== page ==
What the Proposed Overtime Changes Mean for Employers
The much discussed and debated update of the Department of Labor’s federal overtime rule may finally be a reality, as the department recently sent its version to the White House Office of Management and Budget for final review and approval.
According to news reports, the department received more than 116,000 comments on the proposed changes, which have earned praise from business groups but opposition from worker advocates, who want to stick with the previously adopted but now-blocked Obama administration’s version.
Once approved, the new rule will raise the salary threshold for the Fair Labor Standards Act’s white-collar exemptions to $35,508 per year from $23,660 (last raised in 2004). The new threshold wipes out the earlier proposed rule, which would have raised the threshold to around $47,500.
Employment-law experts say the new DOL rule represents a middle ground.
“This is a compromise,” says Peter Frattarelli, chair of the labor and employment department at Archer & Greiner. “Although the figures are now lower, the impact is the same.” He added that employees must earn at least $679 per week—which equates to the $35,508 annually—before employers can ever deny them overtime.
Frattarelli adds that, once the new rule is adopted (expected soon), employers will have to make sure that anyone exempt from overtime earns at least the threshold; if not, they will be entitled to overtime.
Carolyn Richmond, formerly co-chair of the labor and employment department (and current chair of the hospitality practice group) at Fox Rothschild, also characterizes the proposed rule as a compromise. Regardless of which rule made it into practice, she adds, employers “will certainly see a significant increase in labor costs in many parts of the country.”
Richmond explains, however, that in certain states the salary level is higher than that used in the proposed federal rule—for example, in New York, the threshold is $48,500—so employers operating in those states must comply with state laws.
“Given the amount of attention and prep time employers went through in 2016—right up to the wire—we do not expect this to be a big surprise,” Richmond says. “However, for employers in many parts of the country, this is a big increase and will likely lead to reductions in hours and job consolidations.”
Frattarelli says HR leaders need to examine the salaries of all their exempt employees—that is, all employees whom an employer has decided are not entitled to overtime—to ensure their salaries are above the threshold. If not, employers would have to either raise their salaries above this new threshold, or start paying those employees overtime, or time-and-a-half for every hour worked over 40 hours in a pay week, in most cases. For instance, there is a recent related DOL proposal regarding overtime for employees with fluctuating work schedules.
“The threshold change may also require employers to start tracking employee hours, with time clocks or time sheets, in the event their time was not being tracked,” he says, adding that, while there is no firm date for when these rules go into effect, many estimates suggest January 2020.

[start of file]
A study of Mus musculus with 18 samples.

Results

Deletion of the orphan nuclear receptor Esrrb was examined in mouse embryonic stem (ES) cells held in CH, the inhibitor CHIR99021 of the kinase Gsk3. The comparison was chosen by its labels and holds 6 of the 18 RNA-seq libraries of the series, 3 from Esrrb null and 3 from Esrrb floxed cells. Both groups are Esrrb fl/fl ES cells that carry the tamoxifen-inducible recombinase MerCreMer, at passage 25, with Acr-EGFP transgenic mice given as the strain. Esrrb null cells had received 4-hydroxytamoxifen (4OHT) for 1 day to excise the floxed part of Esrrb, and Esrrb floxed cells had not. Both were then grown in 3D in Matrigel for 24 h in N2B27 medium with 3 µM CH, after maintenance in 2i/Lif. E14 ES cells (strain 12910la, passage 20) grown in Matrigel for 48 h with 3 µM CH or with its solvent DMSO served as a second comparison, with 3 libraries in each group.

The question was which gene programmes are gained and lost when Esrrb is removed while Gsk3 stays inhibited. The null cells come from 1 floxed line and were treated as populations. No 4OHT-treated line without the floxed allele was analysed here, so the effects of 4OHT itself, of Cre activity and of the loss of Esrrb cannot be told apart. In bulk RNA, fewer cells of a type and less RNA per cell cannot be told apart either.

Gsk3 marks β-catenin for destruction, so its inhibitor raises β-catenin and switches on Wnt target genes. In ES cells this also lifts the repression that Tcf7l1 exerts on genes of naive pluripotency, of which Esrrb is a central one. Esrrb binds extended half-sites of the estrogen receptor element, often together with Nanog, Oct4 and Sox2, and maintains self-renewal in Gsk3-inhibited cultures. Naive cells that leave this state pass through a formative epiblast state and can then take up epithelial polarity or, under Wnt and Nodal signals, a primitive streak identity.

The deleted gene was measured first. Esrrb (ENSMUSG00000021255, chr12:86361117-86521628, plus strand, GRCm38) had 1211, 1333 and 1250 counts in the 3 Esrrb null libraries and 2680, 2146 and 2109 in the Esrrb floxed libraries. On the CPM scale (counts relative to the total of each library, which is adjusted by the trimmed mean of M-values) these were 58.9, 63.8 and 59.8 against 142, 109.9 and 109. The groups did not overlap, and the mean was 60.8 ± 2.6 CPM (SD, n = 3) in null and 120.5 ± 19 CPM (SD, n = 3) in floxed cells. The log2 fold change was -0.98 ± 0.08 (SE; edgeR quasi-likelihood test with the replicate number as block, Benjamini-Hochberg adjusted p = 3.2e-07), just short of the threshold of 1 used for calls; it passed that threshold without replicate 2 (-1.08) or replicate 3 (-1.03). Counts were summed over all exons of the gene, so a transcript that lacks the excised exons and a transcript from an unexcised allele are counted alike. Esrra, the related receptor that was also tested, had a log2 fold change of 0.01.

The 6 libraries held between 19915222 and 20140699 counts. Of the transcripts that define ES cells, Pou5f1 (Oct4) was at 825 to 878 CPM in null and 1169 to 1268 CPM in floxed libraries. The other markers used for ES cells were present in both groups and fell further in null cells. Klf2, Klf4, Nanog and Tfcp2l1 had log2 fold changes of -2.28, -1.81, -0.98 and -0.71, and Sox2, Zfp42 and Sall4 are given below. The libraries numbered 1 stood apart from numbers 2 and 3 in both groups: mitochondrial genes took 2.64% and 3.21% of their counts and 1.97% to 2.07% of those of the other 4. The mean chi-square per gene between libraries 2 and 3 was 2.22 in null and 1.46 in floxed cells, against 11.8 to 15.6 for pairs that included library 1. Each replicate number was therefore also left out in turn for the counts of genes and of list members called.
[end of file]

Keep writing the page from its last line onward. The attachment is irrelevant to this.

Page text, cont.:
According to Richmond, HR leaders must understand how their business handles reclassifications, as well as existing policies and practices, explaining that the change from exempt to non-exempt has two significant effects: labor costs and the human element.
“Many employees do not feel comfortable going from exempt salary to non-exempt—they view it is as a demotion, and morale decreases,” she says. Additionally, employers have varying policies and benefits for exempt and non-exempt employees, so understanding those differences now is imperative.
“Getting over the human-element hump should not be minimized,” she says. In addition, employers should start reviewing hours, schedules and anticipated overtime hours for reclassified employees.
Both experts say that employers who actually did make changes to comply with the proposed Obama rule, and kept those changes in place, won’t need to do much.
“But, my sense is that many employers held off while they waited for the legal decisions to be made and the November 2016 election results,” Frattarelli says.
“Many employers had already done the analysis, budgeted and were ready to go in 2016. While that is still the framework, times change,” Richmond adds. “Financial situations could have a dramatic effect on affordability.”
In addition, she says, jobs always change so it’s smart not to rely on a duties analysis from three years ago. “Unfortunately, there is a lot of duplication, but it’s necessary to get this right,” she says.
Finally, Richmond says, long-term ramifications of complying—or not complying—with the new rule are significant. For one thing, employers who don’t reclassify the appropriate individuals risk lawsuits, including class actions.
“The statute of limitations under the FLSA is up to three years, and it is very hard to properly assess overtime owed if a business did not fix the problem now and start by having the right employees clock in,” she says.
Frattarelli notes that there is always the possibility that the final rule will be challenged in court, as is what happened with Obama administration’s proposed rule. Yet, that was a Republican-led effort, and it is certainly less likely that there will be a legal challenge to the current proposal, given the changing political scenario.
“If there is a legal challenge, the courts would have to decide if these revisions are significant enough to justify blocking them, which was the reason behind the Obama rule being blocked,” Frattarelli says.